MALAYSIA – Data released by the Malaysian Palm Oil Board (MPOB) reveals the country’s palm oil stocks increased by 1.85% to 1.74 million tons in April 2024, in the first month-to-month increase in six months. 

The data showed that palm oil stocks exceeded predictions by a Reuters survey, which predicted Malaysia’s palm oil stocks would be 1.68 million tons in April.  

Crude palm oil production also increased by 7.9% to 1.5 million tons in April compared to March. 

However, palm oil exports declined 6.9% in Malaysia to 1.23 million tons in April.  

Palm oil imports increased by 58.8% from March 2024 and April 2024 to 34,760 tons.  

MPOB’s data aligned with Reuters’ April prediction of 1.22 million tons of palm oil exports. 

The release of the data had a shock effect on the palm oil market, with futures closing at a one-week low the week before. 

The market shock was also due to the lower prices of rival edible oils and controversy in countries like India, where snack companies faced backlash over preferring cheaper, unhealthy palm oil over other edible oil options.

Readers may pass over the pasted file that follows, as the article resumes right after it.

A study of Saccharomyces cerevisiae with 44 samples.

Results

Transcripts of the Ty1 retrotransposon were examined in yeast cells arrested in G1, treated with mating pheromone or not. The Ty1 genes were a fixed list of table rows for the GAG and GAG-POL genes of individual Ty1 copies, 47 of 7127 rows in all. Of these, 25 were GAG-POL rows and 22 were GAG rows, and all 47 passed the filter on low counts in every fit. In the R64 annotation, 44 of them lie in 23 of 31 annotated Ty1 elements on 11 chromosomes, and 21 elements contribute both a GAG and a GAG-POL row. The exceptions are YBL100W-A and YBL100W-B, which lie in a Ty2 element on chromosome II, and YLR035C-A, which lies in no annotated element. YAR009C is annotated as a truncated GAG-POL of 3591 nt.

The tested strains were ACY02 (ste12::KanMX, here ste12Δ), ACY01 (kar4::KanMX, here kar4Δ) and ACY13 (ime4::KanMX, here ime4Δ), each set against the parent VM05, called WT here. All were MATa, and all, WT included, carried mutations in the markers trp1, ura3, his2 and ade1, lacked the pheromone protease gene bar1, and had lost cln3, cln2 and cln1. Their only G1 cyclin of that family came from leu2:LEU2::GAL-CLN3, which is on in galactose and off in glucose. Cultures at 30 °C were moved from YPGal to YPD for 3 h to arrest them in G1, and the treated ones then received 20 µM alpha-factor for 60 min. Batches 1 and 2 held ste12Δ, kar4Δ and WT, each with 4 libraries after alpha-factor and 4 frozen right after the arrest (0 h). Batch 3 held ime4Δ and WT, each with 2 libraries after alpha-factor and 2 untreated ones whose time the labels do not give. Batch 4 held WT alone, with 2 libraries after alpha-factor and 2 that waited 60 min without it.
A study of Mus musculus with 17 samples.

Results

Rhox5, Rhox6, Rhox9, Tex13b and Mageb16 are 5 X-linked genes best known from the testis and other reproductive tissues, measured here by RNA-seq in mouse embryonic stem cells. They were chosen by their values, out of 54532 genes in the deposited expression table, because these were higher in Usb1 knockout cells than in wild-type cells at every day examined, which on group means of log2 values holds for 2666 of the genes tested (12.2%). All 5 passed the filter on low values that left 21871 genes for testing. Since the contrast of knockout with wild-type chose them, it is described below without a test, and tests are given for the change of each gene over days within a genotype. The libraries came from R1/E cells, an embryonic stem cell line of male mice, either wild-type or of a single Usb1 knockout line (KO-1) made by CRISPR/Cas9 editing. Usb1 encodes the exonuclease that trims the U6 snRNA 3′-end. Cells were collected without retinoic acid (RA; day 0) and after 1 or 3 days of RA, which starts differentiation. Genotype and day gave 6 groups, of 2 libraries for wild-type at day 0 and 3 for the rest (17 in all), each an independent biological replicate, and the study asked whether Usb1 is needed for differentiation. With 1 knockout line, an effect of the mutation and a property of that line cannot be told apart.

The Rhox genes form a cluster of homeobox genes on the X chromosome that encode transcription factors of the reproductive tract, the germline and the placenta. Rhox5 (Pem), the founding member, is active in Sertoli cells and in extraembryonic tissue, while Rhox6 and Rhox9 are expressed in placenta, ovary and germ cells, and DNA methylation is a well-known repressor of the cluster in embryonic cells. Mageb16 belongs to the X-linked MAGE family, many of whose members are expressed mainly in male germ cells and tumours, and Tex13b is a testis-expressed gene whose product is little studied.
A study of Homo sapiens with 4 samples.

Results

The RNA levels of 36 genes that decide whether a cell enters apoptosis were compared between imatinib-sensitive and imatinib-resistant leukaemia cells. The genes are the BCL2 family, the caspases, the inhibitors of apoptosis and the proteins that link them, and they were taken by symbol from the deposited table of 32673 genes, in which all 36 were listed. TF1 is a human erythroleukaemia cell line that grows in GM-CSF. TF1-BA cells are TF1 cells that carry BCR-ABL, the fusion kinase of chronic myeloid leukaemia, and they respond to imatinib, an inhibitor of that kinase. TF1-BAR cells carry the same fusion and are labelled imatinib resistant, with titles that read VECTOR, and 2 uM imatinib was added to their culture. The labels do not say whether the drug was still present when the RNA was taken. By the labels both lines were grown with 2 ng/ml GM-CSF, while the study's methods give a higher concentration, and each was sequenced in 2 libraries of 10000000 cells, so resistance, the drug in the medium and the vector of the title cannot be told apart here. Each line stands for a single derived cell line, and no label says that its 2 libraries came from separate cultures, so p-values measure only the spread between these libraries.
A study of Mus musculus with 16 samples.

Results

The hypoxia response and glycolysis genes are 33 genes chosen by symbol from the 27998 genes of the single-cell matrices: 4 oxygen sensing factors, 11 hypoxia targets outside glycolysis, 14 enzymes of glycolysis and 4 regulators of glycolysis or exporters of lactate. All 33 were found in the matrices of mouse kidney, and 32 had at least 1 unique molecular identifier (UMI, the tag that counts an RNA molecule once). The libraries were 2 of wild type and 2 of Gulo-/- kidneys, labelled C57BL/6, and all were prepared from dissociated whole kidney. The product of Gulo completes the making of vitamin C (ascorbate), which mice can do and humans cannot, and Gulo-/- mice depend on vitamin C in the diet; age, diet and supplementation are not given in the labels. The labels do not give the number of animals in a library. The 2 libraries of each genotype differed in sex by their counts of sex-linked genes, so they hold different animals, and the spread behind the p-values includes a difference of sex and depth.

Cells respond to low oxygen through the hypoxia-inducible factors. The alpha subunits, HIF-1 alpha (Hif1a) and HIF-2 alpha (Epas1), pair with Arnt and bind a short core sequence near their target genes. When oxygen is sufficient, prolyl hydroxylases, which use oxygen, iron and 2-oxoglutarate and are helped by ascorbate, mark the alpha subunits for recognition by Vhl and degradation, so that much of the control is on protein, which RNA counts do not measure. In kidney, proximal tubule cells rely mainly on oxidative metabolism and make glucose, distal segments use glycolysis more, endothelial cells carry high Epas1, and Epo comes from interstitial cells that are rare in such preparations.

Exports have also declined due to proposed bans in the EU on commodities linked to deforestation. 

The Malaysian government described the law as discriminatory, advocating for its non-implementation. 

Palm oil’s market performance is mainly affected by price fluctuations, as the product competes for market share with other edible oils.  

The decrease in palm oil exports did not surprise many players since stocks in other major consumers fell significantly- for example, China’s palm oil imports fell 17.7% in April.  

The increase in palm oil stocks surprised market analysts, who expected stock volumes to mirror Reuters’ forecast.  

This behavior is attributed to the country’s recent adoption of ‘orangutan diplomacy’ in its business relationships with palm oil-importing countries.  

The strategy is meant to appeal to the EU and other major palm oil importing countries that have voiced concerns over the environmental effect of palm oil production in Malaysia. 

The strategy would give orangutans to these countries as gifts to show Malaysia’s commitment to environmental conservation.  

The long-term effect of the strategy is yet to be observed.